Editorial: On cultural appropriation and sensitivity | SunStar

Editorial: On cultural appropriation and sensitivity


Thursday, November 09, 2017

There are countless instances in the past wherein a person or a group representing a tribe commits cultural inappropriation in the guise of arts and freedom of expression. It has long become a sensitive issue around the country and it remains to be.

It was indeed good news when the 18th Davao City Council passed on third and final reading the “IP (Indigenous People) Attire Ordinance” on Tuesday, November 7.

To clearly state, it is an ordinance requiring parties organizing public events to mandatorily conduct cultural consultation or orientation on the proper use and appropriate representation of IP traditional attires.

The welcomed ordinance, which now awaits the approval of Davao City Mayor Sara Duterte-Carpio, was pushed by Davao City Councilor Bai Halila Sudagar, who chairs the committee on cultural communities and the Muslim affairs committee.

The measure, she said, is “to recognize, respect, preserve, and protect the cultural, religious or social significance of every color, fabric design, cut and style embedded in all tribal attires of the IP/Indigenous Cultural Communities in Davao City.”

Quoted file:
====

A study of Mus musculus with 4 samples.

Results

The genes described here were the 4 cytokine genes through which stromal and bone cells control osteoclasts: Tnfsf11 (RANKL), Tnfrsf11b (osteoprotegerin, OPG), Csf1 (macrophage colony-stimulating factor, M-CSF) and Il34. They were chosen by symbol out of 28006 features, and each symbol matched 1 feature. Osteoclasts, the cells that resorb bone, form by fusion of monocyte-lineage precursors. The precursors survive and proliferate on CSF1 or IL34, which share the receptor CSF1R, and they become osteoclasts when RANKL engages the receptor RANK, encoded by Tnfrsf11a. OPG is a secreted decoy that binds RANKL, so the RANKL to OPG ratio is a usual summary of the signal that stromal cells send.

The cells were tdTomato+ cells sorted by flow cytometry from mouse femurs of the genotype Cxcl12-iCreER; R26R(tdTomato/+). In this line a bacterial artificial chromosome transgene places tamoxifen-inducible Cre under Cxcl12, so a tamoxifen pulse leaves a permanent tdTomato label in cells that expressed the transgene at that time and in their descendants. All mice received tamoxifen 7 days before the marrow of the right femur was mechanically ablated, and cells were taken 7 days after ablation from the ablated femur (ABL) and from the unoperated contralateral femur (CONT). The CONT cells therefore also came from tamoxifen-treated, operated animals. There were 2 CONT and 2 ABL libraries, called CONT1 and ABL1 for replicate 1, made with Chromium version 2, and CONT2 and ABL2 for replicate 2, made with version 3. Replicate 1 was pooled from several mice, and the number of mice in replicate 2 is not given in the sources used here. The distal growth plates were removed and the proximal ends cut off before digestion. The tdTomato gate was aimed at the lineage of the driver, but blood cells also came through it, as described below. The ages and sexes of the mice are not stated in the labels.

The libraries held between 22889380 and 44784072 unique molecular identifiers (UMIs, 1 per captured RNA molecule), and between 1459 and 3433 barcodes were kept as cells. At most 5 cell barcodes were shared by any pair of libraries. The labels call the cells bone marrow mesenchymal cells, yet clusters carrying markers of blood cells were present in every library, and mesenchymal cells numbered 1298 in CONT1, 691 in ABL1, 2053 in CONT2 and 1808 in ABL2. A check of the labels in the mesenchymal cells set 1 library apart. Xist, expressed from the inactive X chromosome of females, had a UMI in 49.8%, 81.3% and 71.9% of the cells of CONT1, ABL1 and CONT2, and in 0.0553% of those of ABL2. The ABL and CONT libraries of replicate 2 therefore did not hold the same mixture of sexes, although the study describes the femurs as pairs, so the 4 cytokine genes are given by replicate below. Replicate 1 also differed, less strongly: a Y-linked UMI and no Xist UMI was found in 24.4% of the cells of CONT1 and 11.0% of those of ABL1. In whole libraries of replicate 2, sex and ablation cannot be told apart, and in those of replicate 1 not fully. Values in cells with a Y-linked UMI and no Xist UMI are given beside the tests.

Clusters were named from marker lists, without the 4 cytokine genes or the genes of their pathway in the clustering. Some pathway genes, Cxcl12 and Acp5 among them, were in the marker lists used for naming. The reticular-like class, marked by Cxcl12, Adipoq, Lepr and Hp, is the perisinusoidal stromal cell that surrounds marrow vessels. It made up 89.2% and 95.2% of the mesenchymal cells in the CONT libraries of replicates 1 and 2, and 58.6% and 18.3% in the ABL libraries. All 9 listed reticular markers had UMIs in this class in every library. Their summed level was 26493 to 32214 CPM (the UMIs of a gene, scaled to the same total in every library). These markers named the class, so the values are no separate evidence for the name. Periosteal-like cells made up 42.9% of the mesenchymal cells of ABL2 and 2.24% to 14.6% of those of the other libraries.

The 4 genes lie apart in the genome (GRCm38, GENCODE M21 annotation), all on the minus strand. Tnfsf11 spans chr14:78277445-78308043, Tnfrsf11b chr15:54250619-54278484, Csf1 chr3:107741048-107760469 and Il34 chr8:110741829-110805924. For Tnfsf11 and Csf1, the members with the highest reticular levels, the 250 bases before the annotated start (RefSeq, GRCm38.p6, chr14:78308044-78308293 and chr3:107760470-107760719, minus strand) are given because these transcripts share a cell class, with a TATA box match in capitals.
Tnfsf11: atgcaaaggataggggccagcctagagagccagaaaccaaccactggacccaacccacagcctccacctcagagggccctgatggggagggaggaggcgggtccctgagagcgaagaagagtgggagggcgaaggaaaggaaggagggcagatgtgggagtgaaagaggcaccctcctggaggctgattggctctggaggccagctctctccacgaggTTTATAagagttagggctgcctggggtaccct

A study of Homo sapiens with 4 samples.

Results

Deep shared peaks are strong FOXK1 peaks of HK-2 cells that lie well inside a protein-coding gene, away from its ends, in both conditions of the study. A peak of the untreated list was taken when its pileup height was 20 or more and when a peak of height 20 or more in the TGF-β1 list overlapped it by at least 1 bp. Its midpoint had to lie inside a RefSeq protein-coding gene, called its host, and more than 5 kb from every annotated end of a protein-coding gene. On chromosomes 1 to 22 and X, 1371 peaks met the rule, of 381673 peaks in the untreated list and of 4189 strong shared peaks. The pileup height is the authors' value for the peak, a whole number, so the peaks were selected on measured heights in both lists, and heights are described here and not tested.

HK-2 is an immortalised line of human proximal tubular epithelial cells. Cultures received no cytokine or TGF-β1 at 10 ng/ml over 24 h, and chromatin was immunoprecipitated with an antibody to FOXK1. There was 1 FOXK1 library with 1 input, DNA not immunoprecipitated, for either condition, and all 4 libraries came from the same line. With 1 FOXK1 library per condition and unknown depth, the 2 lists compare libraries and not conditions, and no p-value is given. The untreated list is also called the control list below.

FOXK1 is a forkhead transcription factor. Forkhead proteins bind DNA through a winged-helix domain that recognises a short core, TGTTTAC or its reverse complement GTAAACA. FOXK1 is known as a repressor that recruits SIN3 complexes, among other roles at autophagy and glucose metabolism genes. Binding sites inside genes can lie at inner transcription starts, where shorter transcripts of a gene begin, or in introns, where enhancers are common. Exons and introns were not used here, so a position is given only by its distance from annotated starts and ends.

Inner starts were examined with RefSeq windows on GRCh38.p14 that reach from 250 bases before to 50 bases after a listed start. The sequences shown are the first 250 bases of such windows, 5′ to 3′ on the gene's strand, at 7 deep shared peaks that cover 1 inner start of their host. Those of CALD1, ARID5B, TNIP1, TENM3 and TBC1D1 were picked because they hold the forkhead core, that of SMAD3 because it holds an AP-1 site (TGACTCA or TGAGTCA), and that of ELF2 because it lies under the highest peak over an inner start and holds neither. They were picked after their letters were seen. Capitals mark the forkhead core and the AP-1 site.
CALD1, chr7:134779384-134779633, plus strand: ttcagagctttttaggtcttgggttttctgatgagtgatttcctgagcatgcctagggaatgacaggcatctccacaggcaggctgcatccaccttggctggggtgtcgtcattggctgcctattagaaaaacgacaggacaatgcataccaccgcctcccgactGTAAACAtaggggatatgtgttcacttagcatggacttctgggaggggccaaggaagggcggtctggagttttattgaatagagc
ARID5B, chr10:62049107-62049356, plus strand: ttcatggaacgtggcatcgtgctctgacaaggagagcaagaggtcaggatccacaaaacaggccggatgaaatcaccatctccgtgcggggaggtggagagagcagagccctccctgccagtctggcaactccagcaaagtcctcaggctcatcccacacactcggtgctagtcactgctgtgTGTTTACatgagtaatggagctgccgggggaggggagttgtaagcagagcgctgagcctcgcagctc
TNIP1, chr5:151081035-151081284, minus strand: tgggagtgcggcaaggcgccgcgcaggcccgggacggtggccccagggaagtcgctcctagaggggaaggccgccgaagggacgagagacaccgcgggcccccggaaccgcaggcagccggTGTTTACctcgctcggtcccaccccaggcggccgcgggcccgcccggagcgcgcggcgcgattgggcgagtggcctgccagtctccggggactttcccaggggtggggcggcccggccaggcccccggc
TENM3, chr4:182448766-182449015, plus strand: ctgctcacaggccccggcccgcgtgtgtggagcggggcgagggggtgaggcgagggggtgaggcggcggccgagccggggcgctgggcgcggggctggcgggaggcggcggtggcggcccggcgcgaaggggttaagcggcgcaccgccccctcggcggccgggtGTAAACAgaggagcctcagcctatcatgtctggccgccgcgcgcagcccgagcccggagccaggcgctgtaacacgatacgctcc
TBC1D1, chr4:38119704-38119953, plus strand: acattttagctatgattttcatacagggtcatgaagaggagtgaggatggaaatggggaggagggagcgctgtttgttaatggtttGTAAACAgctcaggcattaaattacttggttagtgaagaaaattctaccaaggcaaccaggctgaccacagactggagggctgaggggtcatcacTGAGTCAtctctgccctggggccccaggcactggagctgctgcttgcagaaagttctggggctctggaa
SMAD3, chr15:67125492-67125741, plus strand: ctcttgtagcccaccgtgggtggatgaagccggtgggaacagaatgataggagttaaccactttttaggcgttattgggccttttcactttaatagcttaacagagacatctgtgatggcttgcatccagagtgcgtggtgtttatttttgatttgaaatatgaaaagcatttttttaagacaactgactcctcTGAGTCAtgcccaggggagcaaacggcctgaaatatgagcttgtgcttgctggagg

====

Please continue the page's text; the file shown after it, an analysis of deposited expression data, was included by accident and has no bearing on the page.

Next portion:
Davao City recognized 11 tribes: the Ata, Iranon, Kagan, Klata, Matigsalug, Maranao, Maguindanaon, Obu-Manuvu, Sama, Tagabawa and Tausug.

Once the consultation is done, a certificate of attendance signed by the Office of Cultural Community Affairs (Occa) under the Office of the City Mayor will be issued to the party.

The ordinance also stated altering of the IP attire, even with secured permit, is prohibited. But it clarifies that it does not cover public and private events that showcase any form of creativity using only cultural/native/ethnic-inspired themes that promote innovation in the field of art and ingenuity.

However, the organizers and persons behind any cultural/native/ethnic inspired gathering and events “are urged to exert earnest effort to be consistent with the traditional IP attire and give due respect to the significance of every pieces.”

Failure of all these may result to a mandatory seminar with Occa for first offenders, a fine of not more than P1,000 for second violation and a fine of more than P2,000 for third-time offenders.

These established, it is laudable that Davao City is showing concern and due recognition to its true treasure: the IPs.

While it is but recognizable that freedom of expression, creativity and innovation is necessary, the fact of the matter remains that there is no better way to represent the tribes’ rich culture and tradition than showcasing it with authenticity and due respect.

Therefore, it is but only proper for individuals or groups to exercise sensitivity and cultural appropriation when representing the 11 tribes of Davao, and even all the tribes in the country.

Published in the SunStar Davao newspaper on November 10, 2017.